Naked scorn

So yesterday we went to Pells Pool, an unheated open air swimming pool in Lewes, Sussex. Any colder and you could have sat on the surface and cut a hole in it to fish through. Nevertheless, it was a fine experience, in which the small amount of swimming done (I am no expert) was a pleasant counterpoint to the large amount of lounging around on the grass in the sun which followed, reading Viginia Woolf's diaries and occasionally drinking tea.

Although the pool itself is rather wonderful, the changing facilities leave a lot to be desired – they reminded me powerfully of the ones we were herded into for school swimming lessons when I was aged 11, which the public never saw and which we nicknamed the cattle shed. Although, admittedly, Lewes has individual stalls for each cow, it didn't surprise me greatly to find that most people ignored them completely and changed on the grass, with varying degrees of modesty.

It's always amusing to watch the English's attitude towards their own nudity. Apart, I think, from the Americans there can be no race so repressed. I remember in the public swimming pools in Iceland, the natives (and continental tourists) were relaxed in the communal changing rooms while the Brits endeavoured to hide behind their towels and the Americans complained loudly to each other in astonished voices at the indignity of it. When changing at Hampton Pool – our local lido, currently out of favour – it's far from impossible to find three men next to each other in the changing rooms, each at some different stage of stripping, each succeeding in ignoring the existence of the other two, even when sprayed with water from an errant towel or elbowed accidentally in the ear.

Yet Lewes appears to be an exception. It was very odd.

I saw one man, whale-like in his proportions, sunbathing on his back with his knees drawn up and his feet apart, on the terrace just beyond the deep end of the pool. He wore a small pair of tasteless blue trunks. Anyone swimming a length in the marked-off swimmers-only section of the pool will have been treated to a view of him, gradually increasing in size as they swam closer, with which – had he been a she – only his gynacologist should have been familiar. Generally Englishmen shaped like that – unless in lager-fuelled 'lads' mode – hide in shapeless shirts and baggy shorts, unwilling to subject their girth to public inspection. It's rare to see such blatant disregard for the usual politics of body shape and body display and, although normally I'd say it was good to see someone ignoring them, I think perhaps on this occasion I might have voted for more modesty and a cover-up.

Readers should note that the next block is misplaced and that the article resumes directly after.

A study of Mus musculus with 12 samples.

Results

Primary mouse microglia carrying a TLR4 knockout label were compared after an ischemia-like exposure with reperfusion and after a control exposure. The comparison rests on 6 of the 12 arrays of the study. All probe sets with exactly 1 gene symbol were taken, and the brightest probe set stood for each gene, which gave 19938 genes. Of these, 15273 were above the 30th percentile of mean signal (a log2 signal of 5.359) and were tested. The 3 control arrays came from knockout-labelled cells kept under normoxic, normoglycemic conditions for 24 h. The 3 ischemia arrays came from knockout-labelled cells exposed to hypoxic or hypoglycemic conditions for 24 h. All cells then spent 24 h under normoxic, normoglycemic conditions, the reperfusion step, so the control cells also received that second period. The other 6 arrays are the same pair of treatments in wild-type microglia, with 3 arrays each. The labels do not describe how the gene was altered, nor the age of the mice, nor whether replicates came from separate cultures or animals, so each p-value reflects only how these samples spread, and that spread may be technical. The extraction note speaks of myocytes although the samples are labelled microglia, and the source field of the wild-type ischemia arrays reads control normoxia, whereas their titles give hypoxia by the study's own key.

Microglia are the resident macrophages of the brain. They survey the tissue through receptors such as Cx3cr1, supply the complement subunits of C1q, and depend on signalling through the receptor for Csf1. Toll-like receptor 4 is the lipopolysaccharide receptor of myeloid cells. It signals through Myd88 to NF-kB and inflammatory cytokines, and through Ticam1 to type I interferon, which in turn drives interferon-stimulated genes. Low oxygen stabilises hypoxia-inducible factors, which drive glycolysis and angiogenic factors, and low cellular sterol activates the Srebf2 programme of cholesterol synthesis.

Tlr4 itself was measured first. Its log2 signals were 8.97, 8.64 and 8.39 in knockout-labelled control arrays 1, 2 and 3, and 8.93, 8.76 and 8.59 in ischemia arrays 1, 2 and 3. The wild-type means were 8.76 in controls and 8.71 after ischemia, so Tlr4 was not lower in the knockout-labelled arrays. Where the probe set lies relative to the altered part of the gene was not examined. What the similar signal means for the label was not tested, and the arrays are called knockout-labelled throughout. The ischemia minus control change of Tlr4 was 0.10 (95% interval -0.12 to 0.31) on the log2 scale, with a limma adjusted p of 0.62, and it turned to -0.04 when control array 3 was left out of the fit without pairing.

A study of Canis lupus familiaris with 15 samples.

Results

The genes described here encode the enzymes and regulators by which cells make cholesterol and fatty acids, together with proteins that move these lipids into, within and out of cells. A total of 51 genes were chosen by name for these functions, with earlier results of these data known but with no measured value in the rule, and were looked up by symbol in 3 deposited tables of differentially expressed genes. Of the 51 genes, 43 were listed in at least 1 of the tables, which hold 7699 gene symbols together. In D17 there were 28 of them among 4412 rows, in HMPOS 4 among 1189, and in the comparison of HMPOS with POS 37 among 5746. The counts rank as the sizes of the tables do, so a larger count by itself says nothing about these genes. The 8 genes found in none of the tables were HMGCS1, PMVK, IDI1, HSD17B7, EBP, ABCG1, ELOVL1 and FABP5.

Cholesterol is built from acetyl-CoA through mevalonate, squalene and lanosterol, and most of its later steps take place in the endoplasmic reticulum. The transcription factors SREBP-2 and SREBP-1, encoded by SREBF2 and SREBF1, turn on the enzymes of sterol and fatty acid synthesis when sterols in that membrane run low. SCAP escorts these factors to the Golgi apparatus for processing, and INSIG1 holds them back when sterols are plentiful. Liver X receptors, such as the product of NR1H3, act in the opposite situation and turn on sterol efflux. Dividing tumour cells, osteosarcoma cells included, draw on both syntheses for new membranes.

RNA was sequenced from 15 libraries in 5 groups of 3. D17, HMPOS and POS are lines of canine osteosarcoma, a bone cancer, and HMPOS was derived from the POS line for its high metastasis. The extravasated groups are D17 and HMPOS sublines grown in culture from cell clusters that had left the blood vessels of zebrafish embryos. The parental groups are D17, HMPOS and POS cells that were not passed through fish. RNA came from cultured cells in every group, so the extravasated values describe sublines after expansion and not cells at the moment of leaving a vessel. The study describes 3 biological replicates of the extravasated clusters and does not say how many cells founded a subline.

Nor was it just the men. Right in front of us on the grass was a group of friends, parents in their very early 40s I would guess, and associated children. The membership of the group changed fluidly through the day as families left and others arrived, full of effusive greetings and bonhomie. About half way through the day a mother appeared with two children. She was a very recognisable English 'type' – upper-middle class, smart and wholesome-looking, some silver in her hair but still with perfect skin. You've seen her type in countless Agatha Christie TV adaptations.

Immediately she fell into animated conversation with one of the fathers there. As they spoke she rather vaguely wrapped a long but ill-fitting shawl around her, dropped her trousers and knickers, stepped out of them and pulled up a bathing costume, flashing half the pool as she did so. During this performance the conversation continued utterly without break, as if she was merely kicking off a pair of shoes. The nonchalence of the whole thing was positively Scandinavian, and a little shocking to a well brought-up Home Counties boy like myself.

The most shocking episode, however, had little or nothing to do with clothing and a lot to do with bad parenting. A mother crossed the grass towards a table, carrying two polystyrene cups of tea and trailed by her children. The small girl was nondescript and silent, the boy – aged maybe 10 or 11 – was fat and whiny in the way of a Gary Larson cartoon, or the movie version of Dudley Dursley in Harry Potter. There was no drink for the boy, and he wasn't happy about that, and his mother was fed up with him. They arrived at the table, which was white plastic garden furniture and not at all level, and she put down the tea cups.

Moments later the boy somehow contrived to knock into the table, which rocked violently on its uneven legs and spilled an inch or two from the top of the two tea cups. The mother's fury and scorn was whithering. She berated the boy for his clumsiness and his stupidity, and told him to get out of her sight – she didn't want to be able to see him. He slunk off, sweaty and shiny and unappealing, looking like a dog that's been kicked, that expected to be kicked, that accepted being kicked was the appropriate punishment, but was still crushed that the kick has been quite so hard. He was one of the most unlikeable-looking boys I've seen in a long time, but he didn't deserve that from his mother.